While public debate raged over who should play Southern belle Scarlett O'Hara in "Gone With the Wind," producer David O. Selznick was trying to figure out how to get the movie past Hollywood's morality censors by tamping down the novel's racist overtones while portraying the South in the Civil War.
Thousands of fans sent letters about wanting to play Scarlett, and the Ku Klux Klan offered to serve in an advisory role on the film. Black activists implored Selznick not to make the movie, with the African Youth Congress calling it "un-American, anti-Semitic, anti-Negro, pro-KKK and a glorification of Southern lynch society."
Of course, Selznick pressed on and made one of the most popular films in history. And on Tuesday, hundreds of items that he saved, including dresses worn in the film, scripts, story boards and other things, will go on display at the University of Texas' Harry Ransom Center as part of a 75th anniversary tribute, "The Making of Gone With the Wind."
The Selznick collection is one of the largest at the Ransom Center, which has been gearing up for the exhibit for about four years. In 2010, the center launched a fundraising campaign to help preserve several of the original costumes. That effort raised more than $30,000 with donations coming in from across the globe.
Among the costumes on display will be three original gowns worn by Vivien Leigh as Scarlett, including her iconic green curtain dress.
The exhibit, which runs through Jan. 4, 2015, takes visitors on a journey from the 1936 purchase of movie rights through production and the film's eventual premiere. It examines the casting of the moving and the decision to remove any mention of the Klan from the screenplay and avoid the use of racial slurs, which Margaret Mitchell used throughout her novel.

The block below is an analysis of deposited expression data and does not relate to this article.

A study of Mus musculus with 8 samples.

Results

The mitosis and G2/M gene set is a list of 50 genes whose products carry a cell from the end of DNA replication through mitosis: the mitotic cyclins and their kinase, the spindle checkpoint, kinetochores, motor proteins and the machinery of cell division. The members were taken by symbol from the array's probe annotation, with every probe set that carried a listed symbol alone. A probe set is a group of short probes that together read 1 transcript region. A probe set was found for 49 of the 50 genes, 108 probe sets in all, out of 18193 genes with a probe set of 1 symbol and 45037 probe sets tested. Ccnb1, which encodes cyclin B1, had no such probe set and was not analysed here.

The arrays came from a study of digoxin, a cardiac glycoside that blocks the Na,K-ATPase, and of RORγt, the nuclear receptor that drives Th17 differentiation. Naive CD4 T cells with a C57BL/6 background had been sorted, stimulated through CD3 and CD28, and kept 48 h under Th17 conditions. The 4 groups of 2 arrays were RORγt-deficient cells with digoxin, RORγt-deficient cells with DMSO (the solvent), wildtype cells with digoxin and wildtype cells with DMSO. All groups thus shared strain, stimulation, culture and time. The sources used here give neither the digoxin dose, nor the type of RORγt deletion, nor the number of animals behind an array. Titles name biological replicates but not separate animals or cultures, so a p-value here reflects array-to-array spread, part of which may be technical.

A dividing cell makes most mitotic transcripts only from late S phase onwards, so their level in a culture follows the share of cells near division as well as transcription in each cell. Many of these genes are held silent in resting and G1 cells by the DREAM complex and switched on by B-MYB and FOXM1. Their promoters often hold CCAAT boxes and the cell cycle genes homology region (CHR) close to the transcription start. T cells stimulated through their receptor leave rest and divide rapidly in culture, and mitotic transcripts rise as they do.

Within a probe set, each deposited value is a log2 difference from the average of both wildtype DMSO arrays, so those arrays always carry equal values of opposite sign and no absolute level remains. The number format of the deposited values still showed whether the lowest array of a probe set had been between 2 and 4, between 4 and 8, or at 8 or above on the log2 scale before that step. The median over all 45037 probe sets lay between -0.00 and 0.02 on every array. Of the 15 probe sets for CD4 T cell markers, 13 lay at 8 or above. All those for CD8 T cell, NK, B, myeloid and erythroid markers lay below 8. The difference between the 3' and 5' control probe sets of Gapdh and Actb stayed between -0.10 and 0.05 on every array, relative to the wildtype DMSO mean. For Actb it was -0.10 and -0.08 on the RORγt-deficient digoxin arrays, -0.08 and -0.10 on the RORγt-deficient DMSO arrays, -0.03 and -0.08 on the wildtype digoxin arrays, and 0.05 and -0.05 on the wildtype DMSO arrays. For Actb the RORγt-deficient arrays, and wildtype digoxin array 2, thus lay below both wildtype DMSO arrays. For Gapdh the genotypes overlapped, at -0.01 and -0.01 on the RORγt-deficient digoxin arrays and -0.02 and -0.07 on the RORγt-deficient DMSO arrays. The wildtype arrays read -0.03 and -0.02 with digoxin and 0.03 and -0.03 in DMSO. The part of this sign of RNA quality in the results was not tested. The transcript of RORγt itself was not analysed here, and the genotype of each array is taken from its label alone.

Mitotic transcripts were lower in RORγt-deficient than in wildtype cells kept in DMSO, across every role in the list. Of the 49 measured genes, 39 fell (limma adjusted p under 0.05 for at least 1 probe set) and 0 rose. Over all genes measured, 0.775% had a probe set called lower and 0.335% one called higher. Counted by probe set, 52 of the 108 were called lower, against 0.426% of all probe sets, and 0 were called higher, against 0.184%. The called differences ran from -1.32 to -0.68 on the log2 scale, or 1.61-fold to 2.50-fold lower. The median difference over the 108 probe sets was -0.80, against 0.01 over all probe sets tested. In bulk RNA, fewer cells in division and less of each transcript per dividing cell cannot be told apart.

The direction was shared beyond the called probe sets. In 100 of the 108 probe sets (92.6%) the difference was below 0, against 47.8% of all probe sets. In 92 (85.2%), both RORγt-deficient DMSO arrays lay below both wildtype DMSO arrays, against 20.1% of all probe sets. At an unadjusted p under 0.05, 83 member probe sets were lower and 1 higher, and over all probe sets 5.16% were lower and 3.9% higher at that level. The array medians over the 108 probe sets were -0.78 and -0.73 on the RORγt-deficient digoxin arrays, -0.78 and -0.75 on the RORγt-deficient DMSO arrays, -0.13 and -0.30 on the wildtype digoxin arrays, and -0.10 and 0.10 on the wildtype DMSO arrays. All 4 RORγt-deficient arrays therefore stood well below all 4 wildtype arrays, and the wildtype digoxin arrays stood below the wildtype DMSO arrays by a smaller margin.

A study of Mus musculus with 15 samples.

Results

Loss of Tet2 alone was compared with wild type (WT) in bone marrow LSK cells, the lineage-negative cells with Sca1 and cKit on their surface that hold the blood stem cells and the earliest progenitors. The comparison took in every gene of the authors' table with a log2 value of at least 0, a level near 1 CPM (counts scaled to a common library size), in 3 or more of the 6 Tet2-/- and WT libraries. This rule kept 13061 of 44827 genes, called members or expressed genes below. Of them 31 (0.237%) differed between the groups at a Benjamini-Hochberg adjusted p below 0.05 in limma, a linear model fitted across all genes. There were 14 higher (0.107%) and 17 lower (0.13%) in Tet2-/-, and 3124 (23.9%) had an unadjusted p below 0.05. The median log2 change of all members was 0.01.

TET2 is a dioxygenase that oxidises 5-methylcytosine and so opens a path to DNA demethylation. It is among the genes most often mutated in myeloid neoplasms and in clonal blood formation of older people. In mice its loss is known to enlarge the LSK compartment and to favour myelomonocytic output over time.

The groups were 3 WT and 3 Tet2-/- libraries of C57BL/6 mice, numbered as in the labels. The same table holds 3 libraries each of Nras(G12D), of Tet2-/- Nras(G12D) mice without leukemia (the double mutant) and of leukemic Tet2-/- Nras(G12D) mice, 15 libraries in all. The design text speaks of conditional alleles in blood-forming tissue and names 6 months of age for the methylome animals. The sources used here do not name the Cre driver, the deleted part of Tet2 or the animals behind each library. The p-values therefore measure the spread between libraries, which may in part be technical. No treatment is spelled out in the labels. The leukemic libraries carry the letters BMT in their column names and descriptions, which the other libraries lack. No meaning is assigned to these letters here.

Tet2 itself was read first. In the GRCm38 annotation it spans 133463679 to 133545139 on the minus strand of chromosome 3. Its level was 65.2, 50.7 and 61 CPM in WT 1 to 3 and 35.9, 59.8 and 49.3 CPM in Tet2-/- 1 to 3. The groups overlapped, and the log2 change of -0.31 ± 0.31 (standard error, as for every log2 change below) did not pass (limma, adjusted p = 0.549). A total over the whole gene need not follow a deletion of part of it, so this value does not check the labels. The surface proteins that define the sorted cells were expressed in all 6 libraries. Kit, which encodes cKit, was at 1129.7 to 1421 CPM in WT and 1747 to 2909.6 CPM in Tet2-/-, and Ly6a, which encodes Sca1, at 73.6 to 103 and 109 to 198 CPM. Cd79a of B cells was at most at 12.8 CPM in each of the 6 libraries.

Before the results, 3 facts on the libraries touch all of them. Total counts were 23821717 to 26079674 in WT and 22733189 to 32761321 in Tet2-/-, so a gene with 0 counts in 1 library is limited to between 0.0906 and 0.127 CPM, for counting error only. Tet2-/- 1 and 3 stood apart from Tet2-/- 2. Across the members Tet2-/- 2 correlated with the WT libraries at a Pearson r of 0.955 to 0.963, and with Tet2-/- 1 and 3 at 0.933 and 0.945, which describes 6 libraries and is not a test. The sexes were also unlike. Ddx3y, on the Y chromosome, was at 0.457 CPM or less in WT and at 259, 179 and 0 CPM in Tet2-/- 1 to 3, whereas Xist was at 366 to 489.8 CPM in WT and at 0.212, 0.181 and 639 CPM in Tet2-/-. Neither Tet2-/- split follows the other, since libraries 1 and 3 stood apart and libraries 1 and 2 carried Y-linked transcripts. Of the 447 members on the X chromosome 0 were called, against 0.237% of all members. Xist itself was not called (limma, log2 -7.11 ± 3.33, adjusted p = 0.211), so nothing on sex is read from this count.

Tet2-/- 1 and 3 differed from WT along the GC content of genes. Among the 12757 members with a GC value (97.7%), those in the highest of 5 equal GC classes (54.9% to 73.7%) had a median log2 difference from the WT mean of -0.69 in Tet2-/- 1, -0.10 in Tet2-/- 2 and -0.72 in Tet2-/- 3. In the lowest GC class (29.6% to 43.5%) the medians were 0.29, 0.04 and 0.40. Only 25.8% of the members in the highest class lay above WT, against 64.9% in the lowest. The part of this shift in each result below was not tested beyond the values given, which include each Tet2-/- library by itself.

Selznick's insistence on barring racial slurs, most notably the n-word, likely saved the movie, said Steve Wilson, the Ransom Center's film curator.
"If that word had stayed in, it would probably have been so offensive we wouldn't even be watching it anymore," he said.
Censors also warned Selznick not to include scenes depicting rape or even the pain and trauma associated with childbirth.
Much of the exhibit is dedicated to the casting of Scarlett and the rumors that swirled about the candidates from Bette Davis to Katherine Hepburn before Selznick finally settled on British actress Leigh.
Several letters in a section titled "I am Scarlett" showcase the personal connection Southern women felt with the Scarlett character, Wilson said.
The letters included hard luck stories from women who detailed their low-income or even homeless living conditions, or heartbreak in their personal lives. One woman got an entire town to do a letter-writing campaign on her behalf. Selznick's crew received more than 75,000 letters by the end of 1936.
"There's something in this character that really grabbed people," Wilson said. "A lot of women feel there are right to play the part because they've had the same kind of romantic problems Scarlett had. More often it seems they've had the hardships Scarlett survived."
In one telegram from the United Daughters of the Confederacy noted the group would "protest vigorously against any other than a native born Southern woman" for the part.
But Southern critics soon decided that Leigh wouldn't be a bad alternative, Wilson said.
"Better a foreigner than a Yankee," Wilson said.